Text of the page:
Riparian Forest Buffer
What is a riparian forest buffer?
Forest buffers are the trees, shrubs and other plants that grow next to streams and rivers. Forest buffers are also called riparian or streamside buffers.
The trees, shrubs and other plants that grow next to streams and rivers are critical to the health of the land and to the Chesapeake Bay. These forest buffers prevent pollution from entering waterways, stabilize stream banks, provide food and habitat to wildlife and keep streams cool during hot weather.
For a more detailed definition, visit this USDA page.
The animated slideshow above takes you through the Riparian Buffer Zones. Place your curser over the slideshow to pause the rotation.
Frequently Asked Questions About Buffers
How much do buffers cost?
Can I plant fruit trees?
What about weeds?
Why Do Buffers Matter?
Cleaner Streams with Better Water Quality
Forest buffers protect streams and local drinking water supplies by helping to intercept and process excess nutrients, sediments, and pathogens from entering them. Scientific studies show that 100 feet of streamside forest will adequately protect the physical, chemical, and biological characteristics of most streams. However, narrower buffers are also beneficial for improving water quality.
Better Habitat for Aquatic Life and Other Wildlife
Improved Recreation and Human Health Benefits
Healthier Stream Ecosystems Better Able to Process Pollution
Enhanced Property Values, Benefits to Farms, Property Protection and Reduction of Flooding
Buffer Project Components
Restoring a riparian buffer can include many components depending on the needs of your site. From planting trees, installing livestock exclusion fencing, stabilizing streambanks, enhancing wildlife habitat, and stewarding it long term, we are here to help you restore and protect your riparian buffer.
Explore our Programs to learn more.
Riparian Forest Buffers
Agricultural infrastructure in our riparian areas may include stream exclusion fencing to keep livestock out of waterways, water source development, watering troughs, stream crossings, and rotational grazing. All or some of these components may be part of your project.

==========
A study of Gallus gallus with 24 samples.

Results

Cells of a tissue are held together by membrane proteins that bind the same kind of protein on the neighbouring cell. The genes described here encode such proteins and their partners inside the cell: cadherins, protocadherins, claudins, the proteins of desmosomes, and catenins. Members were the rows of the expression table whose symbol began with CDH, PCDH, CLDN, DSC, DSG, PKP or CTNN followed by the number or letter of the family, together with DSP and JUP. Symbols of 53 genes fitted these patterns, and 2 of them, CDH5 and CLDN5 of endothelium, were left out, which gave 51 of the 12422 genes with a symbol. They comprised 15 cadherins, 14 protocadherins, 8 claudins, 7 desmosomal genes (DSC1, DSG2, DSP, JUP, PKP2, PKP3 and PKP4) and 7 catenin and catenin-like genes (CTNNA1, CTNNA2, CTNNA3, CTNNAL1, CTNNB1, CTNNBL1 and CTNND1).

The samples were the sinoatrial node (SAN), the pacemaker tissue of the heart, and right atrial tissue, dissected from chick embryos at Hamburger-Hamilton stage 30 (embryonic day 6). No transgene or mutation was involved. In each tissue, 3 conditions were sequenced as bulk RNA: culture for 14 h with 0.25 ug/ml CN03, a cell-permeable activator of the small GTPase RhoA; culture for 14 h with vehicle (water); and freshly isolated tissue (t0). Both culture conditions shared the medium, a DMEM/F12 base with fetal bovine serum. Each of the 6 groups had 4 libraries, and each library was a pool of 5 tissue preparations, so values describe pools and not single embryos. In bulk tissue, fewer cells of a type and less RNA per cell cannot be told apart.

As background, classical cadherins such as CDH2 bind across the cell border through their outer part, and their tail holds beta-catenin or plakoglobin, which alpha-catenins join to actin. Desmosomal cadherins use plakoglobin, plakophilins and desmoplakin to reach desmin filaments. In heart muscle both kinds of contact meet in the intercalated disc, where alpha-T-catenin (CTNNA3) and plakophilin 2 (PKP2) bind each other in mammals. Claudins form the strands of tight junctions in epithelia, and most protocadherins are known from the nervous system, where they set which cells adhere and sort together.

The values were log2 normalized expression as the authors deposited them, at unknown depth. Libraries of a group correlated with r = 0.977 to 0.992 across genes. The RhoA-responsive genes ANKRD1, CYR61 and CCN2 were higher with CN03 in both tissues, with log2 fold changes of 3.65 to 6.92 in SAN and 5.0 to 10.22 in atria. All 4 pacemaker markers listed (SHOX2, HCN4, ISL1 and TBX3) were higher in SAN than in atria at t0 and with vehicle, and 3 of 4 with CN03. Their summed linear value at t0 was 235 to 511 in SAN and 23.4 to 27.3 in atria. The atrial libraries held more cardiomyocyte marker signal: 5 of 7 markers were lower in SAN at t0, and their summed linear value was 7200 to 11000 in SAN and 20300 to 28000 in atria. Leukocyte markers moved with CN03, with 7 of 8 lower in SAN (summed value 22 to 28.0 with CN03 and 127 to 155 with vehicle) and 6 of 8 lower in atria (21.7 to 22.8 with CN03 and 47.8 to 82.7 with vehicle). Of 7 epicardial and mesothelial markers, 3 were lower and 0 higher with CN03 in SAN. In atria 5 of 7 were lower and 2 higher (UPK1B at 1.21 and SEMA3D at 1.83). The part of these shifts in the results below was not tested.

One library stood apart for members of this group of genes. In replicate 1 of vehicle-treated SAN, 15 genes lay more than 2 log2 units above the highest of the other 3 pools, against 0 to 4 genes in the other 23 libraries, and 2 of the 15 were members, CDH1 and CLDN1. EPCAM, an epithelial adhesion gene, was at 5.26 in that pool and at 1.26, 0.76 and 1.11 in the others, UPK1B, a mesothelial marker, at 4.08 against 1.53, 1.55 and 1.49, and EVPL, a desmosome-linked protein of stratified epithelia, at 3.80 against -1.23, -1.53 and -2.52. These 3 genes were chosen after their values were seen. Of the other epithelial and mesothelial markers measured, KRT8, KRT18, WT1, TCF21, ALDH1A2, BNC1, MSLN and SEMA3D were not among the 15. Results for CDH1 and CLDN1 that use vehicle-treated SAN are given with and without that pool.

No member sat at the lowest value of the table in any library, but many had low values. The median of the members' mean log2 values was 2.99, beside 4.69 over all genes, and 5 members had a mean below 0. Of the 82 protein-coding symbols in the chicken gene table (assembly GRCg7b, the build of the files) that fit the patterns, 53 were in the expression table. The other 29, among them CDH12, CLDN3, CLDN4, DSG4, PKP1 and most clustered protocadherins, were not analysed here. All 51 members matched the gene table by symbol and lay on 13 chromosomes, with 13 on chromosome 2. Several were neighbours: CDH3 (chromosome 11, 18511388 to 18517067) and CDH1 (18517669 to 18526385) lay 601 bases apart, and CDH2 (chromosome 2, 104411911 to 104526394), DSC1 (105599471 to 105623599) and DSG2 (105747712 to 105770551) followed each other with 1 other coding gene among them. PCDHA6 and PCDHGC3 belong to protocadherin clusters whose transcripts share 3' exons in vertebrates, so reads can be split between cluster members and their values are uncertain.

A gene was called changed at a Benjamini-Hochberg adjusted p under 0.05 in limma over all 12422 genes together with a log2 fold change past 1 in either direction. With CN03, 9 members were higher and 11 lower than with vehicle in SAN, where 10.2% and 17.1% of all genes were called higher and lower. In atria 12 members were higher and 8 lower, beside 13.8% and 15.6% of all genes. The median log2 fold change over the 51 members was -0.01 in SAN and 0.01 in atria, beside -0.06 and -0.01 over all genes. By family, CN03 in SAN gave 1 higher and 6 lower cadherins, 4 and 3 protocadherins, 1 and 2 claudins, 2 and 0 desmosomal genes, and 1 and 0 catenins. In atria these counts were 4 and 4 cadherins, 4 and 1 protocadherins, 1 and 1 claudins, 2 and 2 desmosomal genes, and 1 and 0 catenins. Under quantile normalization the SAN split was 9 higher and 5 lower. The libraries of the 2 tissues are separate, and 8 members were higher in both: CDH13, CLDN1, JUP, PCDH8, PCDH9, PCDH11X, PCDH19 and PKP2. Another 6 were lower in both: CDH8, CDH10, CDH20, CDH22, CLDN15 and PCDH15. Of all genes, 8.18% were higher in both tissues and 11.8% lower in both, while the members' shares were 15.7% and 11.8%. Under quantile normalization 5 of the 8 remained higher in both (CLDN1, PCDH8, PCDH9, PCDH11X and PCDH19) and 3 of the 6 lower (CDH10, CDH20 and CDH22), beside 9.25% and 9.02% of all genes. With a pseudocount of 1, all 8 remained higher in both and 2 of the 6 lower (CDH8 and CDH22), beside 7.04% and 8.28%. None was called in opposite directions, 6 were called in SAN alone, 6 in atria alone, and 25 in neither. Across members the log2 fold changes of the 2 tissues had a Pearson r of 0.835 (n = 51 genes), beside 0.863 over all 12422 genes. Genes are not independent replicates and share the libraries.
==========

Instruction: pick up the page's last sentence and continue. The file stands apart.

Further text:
Streambank stabilization practices are implemented to address excessive erosion rates. Streambank stabilization can involve a variety of activities depending on the circumstances at a given site. These activities range from simply planting the bank to grading/matting/planting to installing deflection structures at the toe of the bank to armoring with large rock and/or tree roots. In some instances, the extent of streambank erosion and channel instability may require a more comprehensive restoration approach.
Before any land disturbing activity can occur please contact your local Army Corps of Engineers, Department of Environmental Quality and local zoning representative for the proper permits.
Healthy riparian areas provide food, shelter, and water for a unique wildlife community both on land and in the water. For example, the native tree Quercus Phellos (Willow Oak) grows well in a riparian buffer and provides abundant acorns for deer and ducks. Brook Trout depend on cool streams that are shaded by trees on its banks. Our freshwater mussels and macroinvertebrates depend on clean water and leaf litter from our native trees. These critters also play a role in filtering pollutants and as a food source for fish.
Whether you have an existing riparian forest that you want to protect for the future, or you’ve recently invested in restoration of riparian areas on your property, you may be interested in putting your land under conservation easement. Easements are a voluntary land preservation agreement between a landowner and a land conservation organization. By putting riparian buffers under easement, we can protect diversity in our ecological communities, preserve prime habitat for wildlife for hunting, fishing, and enjoyment, and protect water quality in the James.